BEETHOVEN 200 YEARS AGO TODAY: Monday, April 7, 1823

In the morning, Beethoven makes a note to write to Karl, and that their shirts need to be mended. He also makes a note to write “To Rovantini.” Beethoven was related to the Rovantinis by marriage; a cousin of his mother had married Johann Conrad Rovantini, a court violinist to the Elector of Trier. His son gave Beethoven violin lessons. However, Beethoven is not known to have stayed in touch with the family after leaving Bonn, and it is unclear whether any of the family was even still alive in 1823.

At a coffeehouse, Beethoven reads the newspapers and makes notes of several possible apartments for the fall.

There are no datable entries for today with Schindler, who has rehearsal at the Theater in the Josephstadt until 5 PM. However, he writes several letters dated today for Beethoven, and gets the composer’s signature on them at some point. The first is the standard solicitation letter for the Missa Solemnis, in French, to King Ferdinand I of Naples. Brandenburg Letter 1623. The original is held by the Berlin Staatsbibliothek, (aut. 35,19).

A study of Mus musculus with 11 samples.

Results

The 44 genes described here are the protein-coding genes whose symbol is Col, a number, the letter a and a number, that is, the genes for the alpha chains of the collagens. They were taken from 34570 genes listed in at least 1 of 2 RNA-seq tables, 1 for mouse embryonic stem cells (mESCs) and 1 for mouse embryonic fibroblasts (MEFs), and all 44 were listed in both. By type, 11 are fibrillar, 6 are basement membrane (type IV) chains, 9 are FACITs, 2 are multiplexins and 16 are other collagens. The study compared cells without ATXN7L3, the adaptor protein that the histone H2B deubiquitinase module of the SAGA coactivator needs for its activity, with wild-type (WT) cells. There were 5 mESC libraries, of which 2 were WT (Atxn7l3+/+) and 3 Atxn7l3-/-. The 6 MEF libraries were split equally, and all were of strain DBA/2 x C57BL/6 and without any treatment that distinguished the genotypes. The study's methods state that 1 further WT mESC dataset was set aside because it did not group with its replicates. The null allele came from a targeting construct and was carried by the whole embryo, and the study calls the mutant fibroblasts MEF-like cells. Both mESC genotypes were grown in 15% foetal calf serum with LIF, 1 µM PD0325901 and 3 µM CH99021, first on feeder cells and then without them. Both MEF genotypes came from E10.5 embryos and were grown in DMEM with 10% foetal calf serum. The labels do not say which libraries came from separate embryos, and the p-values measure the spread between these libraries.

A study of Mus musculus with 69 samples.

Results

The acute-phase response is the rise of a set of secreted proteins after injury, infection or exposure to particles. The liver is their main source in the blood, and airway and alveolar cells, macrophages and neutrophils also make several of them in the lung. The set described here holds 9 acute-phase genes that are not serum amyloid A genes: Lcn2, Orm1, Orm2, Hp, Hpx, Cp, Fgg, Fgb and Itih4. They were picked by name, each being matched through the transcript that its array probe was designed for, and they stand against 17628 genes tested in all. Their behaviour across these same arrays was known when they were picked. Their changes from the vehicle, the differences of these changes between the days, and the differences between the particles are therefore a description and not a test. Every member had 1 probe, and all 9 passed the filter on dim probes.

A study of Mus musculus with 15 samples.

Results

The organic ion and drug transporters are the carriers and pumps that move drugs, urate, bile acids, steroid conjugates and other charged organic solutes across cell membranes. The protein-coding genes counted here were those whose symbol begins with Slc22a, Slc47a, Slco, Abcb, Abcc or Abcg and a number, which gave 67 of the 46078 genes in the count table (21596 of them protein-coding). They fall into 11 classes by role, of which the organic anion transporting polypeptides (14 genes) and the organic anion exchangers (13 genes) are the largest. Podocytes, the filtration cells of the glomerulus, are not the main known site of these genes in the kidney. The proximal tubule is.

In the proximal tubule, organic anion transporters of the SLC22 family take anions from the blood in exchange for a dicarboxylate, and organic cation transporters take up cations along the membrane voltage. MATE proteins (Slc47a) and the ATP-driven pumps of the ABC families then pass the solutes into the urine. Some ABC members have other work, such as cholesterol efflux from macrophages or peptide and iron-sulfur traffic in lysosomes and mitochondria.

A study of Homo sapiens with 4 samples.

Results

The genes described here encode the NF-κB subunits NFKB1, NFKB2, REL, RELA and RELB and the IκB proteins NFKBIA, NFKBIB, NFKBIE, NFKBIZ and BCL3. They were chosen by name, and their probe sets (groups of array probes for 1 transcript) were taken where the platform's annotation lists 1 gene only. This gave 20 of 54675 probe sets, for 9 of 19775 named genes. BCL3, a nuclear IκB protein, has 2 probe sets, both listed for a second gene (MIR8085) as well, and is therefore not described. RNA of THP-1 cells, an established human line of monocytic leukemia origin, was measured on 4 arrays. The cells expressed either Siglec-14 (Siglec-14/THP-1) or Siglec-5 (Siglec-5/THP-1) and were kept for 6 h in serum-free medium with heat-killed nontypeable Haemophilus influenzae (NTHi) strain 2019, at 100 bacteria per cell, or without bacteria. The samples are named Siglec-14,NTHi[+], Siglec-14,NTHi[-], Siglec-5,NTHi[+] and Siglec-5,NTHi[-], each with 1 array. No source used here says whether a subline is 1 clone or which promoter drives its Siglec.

A letter also goes out to Nikolaus Simrock in Bonn (Brandenburg Letter 1624). However, the letter is lost and its contents are unknown. Its existence is known only from Schindler’s note in Beethoven’s 1823 calendar for April, “7. to Simrok [sic].”

Also on this date, Carl Maria von Weber writes to Beethoven, and this letter was surely related to the score for Fidelio, which is scheduled to open on April 29th. Most likely it was an agitated letter asking where the score is. The letter does not survive, however, and its existence is known only from a notation in Weber’s diary, per Thayer/Forbes p.863.